The flap over NPR’s outrageous firing of news analyst Juan Williams won’t go away. NPR CEO Vivian Schiller dug herself even deeper into the manure pit when she said that Williams should discuss his feeling “with his psychiatrist or his publicist — take your pick,” a quip for which she later apologized.
It may be true that Williams didn’t follow instructions about not mentioning his position at NPR when he appeared on Fox. It may be true that NPR management was really uncomfortable about his gig with its sworn enemy. I haven’t seen his contract and I’m not a lawyer, so I’m not prepared to argue about whether they had a right to fire him.
The usual pinwheels are madly spinning that it’s all a right-wing plot, pointing to Sarah Palin, Mike Huckabee and Jim DeMint. It’s not a surprise that conservative politicians would take an opportunity to attack NPR, which clearly does have a liberal bias. But raising this point only distracts attention from the main issue.
All of the above is irrelevant except this:
Monday: Williams makes a remark which violates the unwritten commandment that Thou Shalt Not Piss Off Muslims No Matter How Touchy They May Be.
Wednesday: CAIR (and who knows who else) complains. Shortly thereafter, NPR fires Williams, issuing a statement which specifically refers to the remark in question.
Schiller claimed that she hadn’t seen CAIR’s complaint. Of course that doesn’t imply that she didn’t know about it, or that she hadn’t received any calls about it.
She also said that NPR had concerns about Williams for some time. Again, so what? This was what they chose to fire him for.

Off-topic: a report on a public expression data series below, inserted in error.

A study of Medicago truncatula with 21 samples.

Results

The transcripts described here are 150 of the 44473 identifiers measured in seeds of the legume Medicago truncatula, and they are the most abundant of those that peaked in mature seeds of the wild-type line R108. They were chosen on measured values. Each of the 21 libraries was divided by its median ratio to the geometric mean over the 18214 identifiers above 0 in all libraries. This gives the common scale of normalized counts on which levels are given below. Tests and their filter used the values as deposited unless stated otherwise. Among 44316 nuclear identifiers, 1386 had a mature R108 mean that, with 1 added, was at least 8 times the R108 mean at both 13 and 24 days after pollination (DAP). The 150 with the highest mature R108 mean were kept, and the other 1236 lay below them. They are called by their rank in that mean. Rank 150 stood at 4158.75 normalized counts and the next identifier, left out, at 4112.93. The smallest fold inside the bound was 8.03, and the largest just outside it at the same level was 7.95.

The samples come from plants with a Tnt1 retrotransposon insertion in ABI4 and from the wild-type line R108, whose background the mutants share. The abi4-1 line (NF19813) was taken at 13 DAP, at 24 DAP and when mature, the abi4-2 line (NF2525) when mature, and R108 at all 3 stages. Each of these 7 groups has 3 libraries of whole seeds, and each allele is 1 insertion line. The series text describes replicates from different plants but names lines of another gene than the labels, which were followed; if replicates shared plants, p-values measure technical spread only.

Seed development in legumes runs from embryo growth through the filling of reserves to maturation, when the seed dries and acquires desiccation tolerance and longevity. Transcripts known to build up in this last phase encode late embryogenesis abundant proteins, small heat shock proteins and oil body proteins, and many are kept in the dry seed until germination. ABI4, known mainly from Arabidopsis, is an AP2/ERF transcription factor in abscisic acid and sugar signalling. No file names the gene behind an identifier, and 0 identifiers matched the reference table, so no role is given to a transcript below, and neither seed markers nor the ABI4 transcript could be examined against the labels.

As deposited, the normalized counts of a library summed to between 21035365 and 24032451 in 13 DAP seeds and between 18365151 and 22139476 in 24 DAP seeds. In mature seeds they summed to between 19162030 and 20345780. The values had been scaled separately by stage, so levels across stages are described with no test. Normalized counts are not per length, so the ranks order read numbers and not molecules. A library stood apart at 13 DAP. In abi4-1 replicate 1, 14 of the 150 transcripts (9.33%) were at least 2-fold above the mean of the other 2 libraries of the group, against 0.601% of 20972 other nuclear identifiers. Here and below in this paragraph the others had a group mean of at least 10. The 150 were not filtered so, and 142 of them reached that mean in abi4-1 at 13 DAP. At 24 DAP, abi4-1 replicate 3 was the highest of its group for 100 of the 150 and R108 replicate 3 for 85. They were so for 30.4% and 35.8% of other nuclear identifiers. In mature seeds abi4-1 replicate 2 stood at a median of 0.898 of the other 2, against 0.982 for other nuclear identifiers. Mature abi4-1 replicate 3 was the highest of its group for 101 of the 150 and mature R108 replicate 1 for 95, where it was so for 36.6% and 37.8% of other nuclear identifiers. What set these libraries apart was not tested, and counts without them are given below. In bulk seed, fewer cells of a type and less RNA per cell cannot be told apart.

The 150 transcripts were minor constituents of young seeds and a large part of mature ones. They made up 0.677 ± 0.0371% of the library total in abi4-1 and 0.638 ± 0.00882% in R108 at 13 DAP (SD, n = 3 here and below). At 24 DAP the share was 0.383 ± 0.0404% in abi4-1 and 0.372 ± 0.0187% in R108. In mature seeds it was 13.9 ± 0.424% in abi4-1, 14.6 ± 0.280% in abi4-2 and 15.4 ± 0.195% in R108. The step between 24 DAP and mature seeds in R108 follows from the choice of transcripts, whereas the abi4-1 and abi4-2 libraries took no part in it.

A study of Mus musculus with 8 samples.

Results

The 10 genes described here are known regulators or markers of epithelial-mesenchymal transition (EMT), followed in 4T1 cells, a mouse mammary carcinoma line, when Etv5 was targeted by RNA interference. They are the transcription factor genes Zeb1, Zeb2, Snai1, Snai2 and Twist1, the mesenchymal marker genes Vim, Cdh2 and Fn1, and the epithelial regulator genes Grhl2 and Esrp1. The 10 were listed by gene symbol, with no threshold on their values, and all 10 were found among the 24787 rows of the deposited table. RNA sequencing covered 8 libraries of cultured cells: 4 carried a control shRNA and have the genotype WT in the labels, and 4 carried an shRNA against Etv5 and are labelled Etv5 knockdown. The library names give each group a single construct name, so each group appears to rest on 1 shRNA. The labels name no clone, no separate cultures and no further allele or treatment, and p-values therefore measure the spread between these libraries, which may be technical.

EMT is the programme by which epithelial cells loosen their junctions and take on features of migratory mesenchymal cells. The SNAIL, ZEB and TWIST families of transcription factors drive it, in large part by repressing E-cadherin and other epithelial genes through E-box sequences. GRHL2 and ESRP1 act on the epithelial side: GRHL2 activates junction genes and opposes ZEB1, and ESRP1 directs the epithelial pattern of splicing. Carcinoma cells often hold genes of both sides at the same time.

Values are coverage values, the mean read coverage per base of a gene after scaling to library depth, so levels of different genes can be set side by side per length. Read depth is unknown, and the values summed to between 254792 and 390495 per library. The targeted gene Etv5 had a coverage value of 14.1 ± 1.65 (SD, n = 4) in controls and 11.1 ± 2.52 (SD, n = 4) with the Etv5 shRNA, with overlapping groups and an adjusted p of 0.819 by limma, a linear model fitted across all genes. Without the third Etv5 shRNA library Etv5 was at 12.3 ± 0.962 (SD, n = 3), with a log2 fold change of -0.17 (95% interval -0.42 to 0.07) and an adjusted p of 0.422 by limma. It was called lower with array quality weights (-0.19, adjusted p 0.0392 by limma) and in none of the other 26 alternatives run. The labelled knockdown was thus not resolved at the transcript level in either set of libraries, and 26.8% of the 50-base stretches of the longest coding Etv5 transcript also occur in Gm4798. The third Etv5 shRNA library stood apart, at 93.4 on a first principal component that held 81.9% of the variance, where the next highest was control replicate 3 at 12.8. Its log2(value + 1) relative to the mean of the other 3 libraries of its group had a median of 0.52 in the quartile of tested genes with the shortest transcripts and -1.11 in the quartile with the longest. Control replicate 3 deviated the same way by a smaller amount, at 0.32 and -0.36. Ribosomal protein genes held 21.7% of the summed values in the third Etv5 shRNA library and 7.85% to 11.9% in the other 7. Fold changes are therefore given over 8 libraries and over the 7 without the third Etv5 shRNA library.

Barry Rubin argues that the real significance of this event is that the victim was a liberal, showing that the establishment — in this case NPR — actually has a far left, not liberal, orientation. He may be right.
But here is what I think we should take away from this:
Today the West is struggling with radical Islam, which wants to supplant it as the dominant world culture and impose its own mores and legal system. If you think that the principles of the Enlightenment — which, by the way, guided Madison and Jefferson when they wrote our Constitution — represent an advance over those of seventh-century Arabia, then it must be possible to have a public discussion in which you can say that.
When news media allow themselves to be castrated and censor discourse about Islam — and when the arbiters of what is acceptable or not are groups like CAIR, which are associated with radical Islamists — then it isn’t possible to depend on these media to report reliably on the conflict we find ourselves in today.
The problem is not “liberal bias.” There is nothing liberal about shutting down free speech and punishing dissidents. The problem is either that NPR is afraid to allow its commentators to speak freely, or it supports the triumph of radical Islam over the West.
In other words: cowardice or treason.